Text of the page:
Important information: The value of investments and the income from them can go down as well as up, so you may get back less than you invest.

If you could design the ideal income-paying investment it would have an attractive yield and a consistent long-term record of raising its dividends. There are very few options like this on the market, which is why the City of London trust really stands out from its peers. It's also one of our best sellers.

It is hard to believe, but City has managed to increase its distributions every year since 1966, giving it pride of place in the Association of Investment Companies’ list of dividend heroes. There are twenty of them in total, although it is one of only five UK equity income trusts that is yielding 5% or more.1

Rising income stream

The beauty of investing in a portfolio of dividend-paying stocks is that if the companies do well they should be able to improve their distributions over time. Anyone who purchased 1,000 shares in City of London in 2013 would have received income that year of around £145, a figure that would have risen to just over £200 by 2023.2

There is obviously no guarantee that this sort of growth will be repeated, but the resilience of trusts like City over such a long period of time should give investors a degree of comfort. This is especially the case given that it has successfully maintained its record through a number of major market setbacks including the dot com crash, the global financial crisis and the pandemic.

Revenue reserves

Investment trusts don’t have to pay out all the income they receive from their portfolios each year. Instead they can set aside up to 15% in a revenue reserve, which enables them to hold back some of the funds they receive in good years to top up their dividends when the underlying holdings may be cutting back.

City of London has made good use of this facility and has accumulated significant distributable reserves to back up the strong underlying cash flows from its portfolio. This gives the Board confidence that it will be able to increase the total annual dividend for the 58th year in a row.

Portfolio and outlook

Longstanding manager Job Curtis, who has been in place since 1991, has put together a diversified portfolio of 84 holdings. The vast majority of the £2bn of assets are invested in the UK (83.5%), although he has taken advantage of the flexible mandate to commit the rest to various other developed markets.3

City of London Investment Trust - top 10 holdings

  1. BAE Systems
  2. RELX
  3. Shell
  4. HSBC
  5. Unilever
  6. British American Tobacco
  7. AstraZeneca
  8. 3i Group
  9. Diageo
  10. BP

Source: Fidelity International, 31.3.24 

Curtis says that two-thirds of revenues earned by companies that they are invested in come from overseas, which provides useful diversification, but there is also considerable uncertainty for the global economy and elevated geopolitical tensions.

“Nonetheless, we think the valuation of UK equities looks compelling compared to their equivalents overseas, possibly due to the low allocation from domestic, institutional investors. In particular, the dividend yield of UK equities is attractive relative to the main alternatives.”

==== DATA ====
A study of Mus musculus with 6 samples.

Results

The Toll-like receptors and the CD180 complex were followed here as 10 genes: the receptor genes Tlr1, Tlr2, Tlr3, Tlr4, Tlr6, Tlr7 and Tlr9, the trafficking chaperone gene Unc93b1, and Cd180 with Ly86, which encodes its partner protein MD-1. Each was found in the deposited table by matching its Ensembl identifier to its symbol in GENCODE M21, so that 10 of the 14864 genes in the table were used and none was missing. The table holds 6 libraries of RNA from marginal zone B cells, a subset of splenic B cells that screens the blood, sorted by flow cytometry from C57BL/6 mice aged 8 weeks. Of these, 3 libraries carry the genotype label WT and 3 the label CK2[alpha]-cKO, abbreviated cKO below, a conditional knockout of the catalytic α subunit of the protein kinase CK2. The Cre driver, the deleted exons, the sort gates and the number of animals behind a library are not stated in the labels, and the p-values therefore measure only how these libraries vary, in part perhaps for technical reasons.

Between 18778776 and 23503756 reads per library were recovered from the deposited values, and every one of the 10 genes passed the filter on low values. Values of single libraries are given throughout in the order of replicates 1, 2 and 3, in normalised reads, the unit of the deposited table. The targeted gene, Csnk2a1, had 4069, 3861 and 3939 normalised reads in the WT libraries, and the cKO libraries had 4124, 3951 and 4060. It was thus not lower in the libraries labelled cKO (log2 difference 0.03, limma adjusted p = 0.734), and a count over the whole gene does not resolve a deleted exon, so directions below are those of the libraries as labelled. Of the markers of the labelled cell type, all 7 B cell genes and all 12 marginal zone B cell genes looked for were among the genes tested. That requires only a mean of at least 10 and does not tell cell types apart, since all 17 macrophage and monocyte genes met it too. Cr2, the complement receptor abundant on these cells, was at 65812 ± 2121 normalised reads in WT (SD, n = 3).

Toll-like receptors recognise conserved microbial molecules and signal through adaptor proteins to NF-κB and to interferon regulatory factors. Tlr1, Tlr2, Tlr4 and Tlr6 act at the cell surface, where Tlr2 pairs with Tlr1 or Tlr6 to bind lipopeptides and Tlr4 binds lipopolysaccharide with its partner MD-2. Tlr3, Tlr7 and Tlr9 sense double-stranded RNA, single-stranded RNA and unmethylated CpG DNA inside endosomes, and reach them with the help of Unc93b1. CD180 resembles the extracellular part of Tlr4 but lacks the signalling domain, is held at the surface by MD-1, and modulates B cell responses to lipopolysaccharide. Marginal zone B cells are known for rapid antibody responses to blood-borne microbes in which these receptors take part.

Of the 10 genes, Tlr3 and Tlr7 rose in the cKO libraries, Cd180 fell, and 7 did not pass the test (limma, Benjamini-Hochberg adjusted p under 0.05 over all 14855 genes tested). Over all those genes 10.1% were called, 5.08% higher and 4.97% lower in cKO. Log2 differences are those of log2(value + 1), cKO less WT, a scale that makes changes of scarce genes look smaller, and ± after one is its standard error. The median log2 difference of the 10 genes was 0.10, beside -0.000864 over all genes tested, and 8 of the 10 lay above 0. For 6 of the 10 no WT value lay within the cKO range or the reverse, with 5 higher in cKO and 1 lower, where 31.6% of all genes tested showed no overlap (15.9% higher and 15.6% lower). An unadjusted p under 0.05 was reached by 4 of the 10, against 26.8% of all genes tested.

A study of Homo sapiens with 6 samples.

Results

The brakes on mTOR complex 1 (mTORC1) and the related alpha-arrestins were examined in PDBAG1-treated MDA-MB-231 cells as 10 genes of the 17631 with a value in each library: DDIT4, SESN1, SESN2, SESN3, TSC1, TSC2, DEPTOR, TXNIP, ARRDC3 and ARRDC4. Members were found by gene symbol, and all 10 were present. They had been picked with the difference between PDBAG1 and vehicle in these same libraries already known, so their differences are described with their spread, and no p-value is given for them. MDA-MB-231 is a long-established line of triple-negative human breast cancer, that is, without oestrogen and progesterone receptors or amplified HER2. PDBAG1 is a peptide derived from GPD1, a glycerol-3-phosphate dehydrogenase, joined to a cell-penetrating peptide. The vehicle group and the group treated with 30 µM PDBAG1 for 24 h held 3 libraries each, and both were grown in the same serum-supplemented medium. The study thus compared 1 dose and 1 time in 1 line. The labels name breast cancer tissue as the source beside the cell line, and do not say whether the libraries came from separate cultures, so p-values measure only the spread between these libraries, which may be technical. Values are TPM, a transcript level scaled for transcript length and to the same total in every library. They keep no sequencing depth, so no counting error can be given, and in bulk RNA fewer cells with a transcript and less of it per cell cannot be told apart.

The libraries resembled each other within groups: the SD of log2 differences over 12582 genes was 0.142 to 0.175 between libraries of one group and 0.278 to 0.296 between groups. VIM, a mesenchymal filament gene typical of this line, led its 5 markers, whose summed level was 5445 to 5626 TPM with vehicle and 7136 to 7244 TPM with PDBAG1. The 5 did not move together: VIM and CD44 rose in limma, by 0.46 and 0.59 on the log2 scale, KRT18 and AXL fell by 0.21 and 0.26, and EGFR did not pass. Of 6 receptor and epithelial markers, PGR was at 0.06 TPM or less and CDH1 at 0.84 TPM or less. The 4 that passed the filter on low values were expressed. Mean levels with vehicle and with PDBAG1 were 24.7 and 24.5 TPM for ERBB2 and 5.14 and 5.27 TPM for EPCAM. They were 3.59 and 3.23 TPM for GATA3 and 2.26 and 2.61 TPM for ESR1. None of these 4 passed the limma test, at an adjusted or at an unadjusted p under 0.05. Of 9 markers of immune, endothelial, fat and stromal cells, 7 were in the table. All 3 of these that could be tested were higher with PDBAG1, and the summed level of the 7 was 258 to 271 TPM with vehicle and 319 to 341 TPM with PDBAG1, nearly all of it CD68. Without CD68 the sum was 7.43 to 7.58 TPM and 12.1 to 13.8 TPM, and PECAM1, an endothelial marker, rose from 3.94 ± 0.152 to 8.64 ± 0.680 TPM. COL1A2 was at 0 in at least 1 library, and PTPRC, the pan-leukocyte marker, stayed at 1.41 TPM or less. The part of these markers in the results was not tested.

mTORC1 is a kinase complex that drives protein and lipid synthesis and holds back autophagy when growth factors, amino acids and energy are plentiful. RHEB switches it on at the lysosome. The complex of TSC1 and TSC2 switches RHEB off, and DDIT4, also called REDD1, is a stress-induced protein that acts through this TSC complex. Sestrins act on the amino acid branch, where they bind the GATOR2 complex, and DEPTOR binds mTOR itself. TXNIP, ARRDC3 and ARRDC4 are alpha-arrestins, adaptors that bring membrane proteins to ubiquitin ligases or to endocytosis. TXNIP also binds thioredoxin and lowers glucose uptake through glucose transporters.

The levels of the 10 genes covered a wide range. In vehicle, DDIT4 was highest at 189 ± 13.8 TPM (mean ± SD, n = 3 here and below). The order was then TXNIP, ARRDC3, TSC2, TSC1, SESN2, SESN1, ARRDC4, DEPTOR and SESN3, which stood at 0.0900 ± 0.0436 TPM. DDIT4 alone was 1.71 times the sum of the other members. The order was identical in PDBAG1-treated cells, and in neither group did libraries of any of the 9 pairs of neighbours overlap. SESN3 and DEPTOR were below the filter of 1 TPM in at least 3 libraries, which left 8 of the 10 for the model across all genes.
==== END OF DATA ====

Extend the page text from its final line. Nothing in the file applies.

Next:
Performance and dividends

City of London aims to provide long-term growth in income and capital. Over the last 10 years it has generated an NAV total return of 68%, which is 5% ahead of the FTSE All-Share benchmark.4 Please remember past performance is not a reliable indicator of future returns.

The trust has declared two quarterly dividends of 5.05 pence each in respect of the current financial year, with the rate due to be reviewed before the third interim payment is announced in April. Based on the current level of distributions the shares offer an attractive yield of 5%, please note this is not guaranteed.

How do the costs stack up?

It is great to see that City of London has reduced its annual management fee from 0.325% to 0.3% effective from 1 January 2024. This should help to reduce the ongoing charges from 0.37% for the 2023 financial year and make the trust even more competitive.

More on City of London

(%) As at 31 March 2019-2020 2020-2021 2021-2022 2022-2023 2023-2024
City of London -17.8 23.4 15.0 4.5 2.9

Past performance is not a reliable indicator of future returns

Source: Morningstar, share price total returns from 31.3.19 to 31.3.24. Excludes initial charge. 

Source:

AIC, 12.4.24
Janus Henderson Investors, 12.4.24
3,4 Janus Henderson Investors, data to 29.2.24

Important information- investors should note that the views expressed may no longer be current and may have already been acted upon. Overseas investments will be affected by movements in currency exchange rates. Reference to specific securities should not be construed as a recommendation to buy or sell these securities and is included for the purposes of illustration only. Shares in the trust are listed on the London Stock Exchange and their price is affected by supply and demand. The trust can gain additional exposure to the market, known as gearing, potentially increasing volatility. This information is not a personal recommendation for any particular investment. If you are unsure about the suitability of an investment you should speak to one of Fidelity’s advisers or an authorised financial adviser of your choice.